Drones used by the Department of Homeland Security (DHS) to “guard” the U.S. border for nearly a decade are ineffective even though the agency has blown hundreds of millions of dollars on the failed program and wants Congress to keep funding it.
It’s yet another example of what government does best; waste money. In this case the frontline DHS agency—U.S. Customs and Border Patrol (CBP)—that operates the Unmanned Aerial Vehicles (UAC) is actually requesting more money from Congress to keep the futile drone experiment going. Imagine a private business that for years blew huge sums on a failed enterprise asking investors to pour more cash into the same useless project.
That’s pretty much what DHS is doing and the details are offered in an audit published this month by the agency’s inspector general. The Border Patrol has used drones for around eight years, the audit reveals, at a cost of about $360 million. In fiscal year 2013 alone the agency spent $62.5 million to operate the program, or about $12,255 per hour. It gets better. DHS has lied about the cost of operating the drones, the inspector general writes in its report, by drastically downplaying the real figures. The “calculation of $2,468 per flight hour does not include operating costs, such as the costs of pilots, equipment, and overhead,” the report says. “By not including all operating costs, CBP also cannot accurately assess the program’s cost effectiveness or make informed decisions about program expansion.”
The inspector general goes on to blast the agency for its deceiving accounting practices involving drones. “In addition, unless CBP fully discloses all operating costs, Congress and the public are unaware of all the resources committed to the Unmanned Aircraft System program. As a result, CBP has invested significant funds in a program that has not achieved the expected results, and it cannot demonstrate how much the program has improved border security.” It’s a diplomatic way of saying our Homeland Security officials are embroiled in corrupt acts or, at the very least, misuse of public funds.
When CBP launched its drone program, it anticipated that there would be increased apprehensions of illegal border crossers, a reduction in border surveillance costs and improvement in the agency’s efficiency. The inspector general found that none of this has materialized. In fact, drone surveillance has been credited with assisting in less than 2% of CBP apprehensions of illegal border crossers. “CBP also planned to use unmanned aircraft to operate a radar sensor over the southwest border to increase awareness and analyze surveillance gaps, but sensor operations have been limited,” the report says. “In addition, the unmanned aircraft do not operate along the entire southwest border as has been reported.”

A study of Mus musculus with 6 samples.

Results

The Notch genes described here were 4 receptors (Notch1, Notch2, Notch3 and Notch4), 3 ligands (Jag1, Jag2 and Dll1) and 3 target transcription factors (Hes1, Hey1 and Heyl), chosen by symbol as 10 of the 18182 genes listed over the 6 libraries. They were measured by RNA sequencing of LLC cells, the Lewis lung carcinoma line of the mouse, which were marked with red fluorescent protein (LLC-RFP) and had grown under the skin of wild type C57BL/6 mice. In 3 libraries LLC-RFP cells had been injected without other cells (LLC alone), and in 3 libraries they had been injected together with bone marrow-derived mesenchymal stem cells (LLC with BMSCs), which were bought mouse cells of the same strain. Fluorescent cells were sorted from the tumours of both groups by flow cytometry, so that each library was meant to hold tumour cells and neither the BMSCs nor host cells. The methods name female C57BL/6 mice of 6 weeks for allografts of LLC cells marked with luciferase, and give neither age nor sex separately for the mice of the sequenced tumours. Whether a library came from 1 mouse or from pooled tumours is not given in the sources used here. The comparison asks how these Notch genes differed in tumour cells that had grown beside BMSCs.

The report breaks down the different costs of associated with the UAVs and compares them to the much lower figures provided by DHS. For instance, during one year analyzed the inspector general found that maintenance costs ran $24,543,564 when DHS had reported only $9,458,567 for the same period. Satellite expenses were pegged at $1,952,000 by DHS when in fact, they were $2,986,077 and operational support was completely free, according to DHS estimates, though the watchdog confirms they were really $5,541,227. In all, the audit found that for that year (2013) Uncle Sam spent $45,399,538 to operate the drones while DHS claims it only cost $12,043,508.
It’s difficult not to conclude that this is a premeditated effort to cover up the exorbitant price of this failed program. This theory makes even more sense when taking into account that DHS, the bloated agency created after 9/11 to protect the nation from another terrorist attack, is asking Congress for an additional $443 million to acquire 14 more drones. “Given the cost of the Unmanned Aircraft System program and its unproven effectiveness, CBP should reconsider its plan to expand the program,” the report logically states. “The $443 million that CBP plans to spend on program expansion could be put to better use by investing in alternatives, such as manned aircraft and ground surveillance assets.”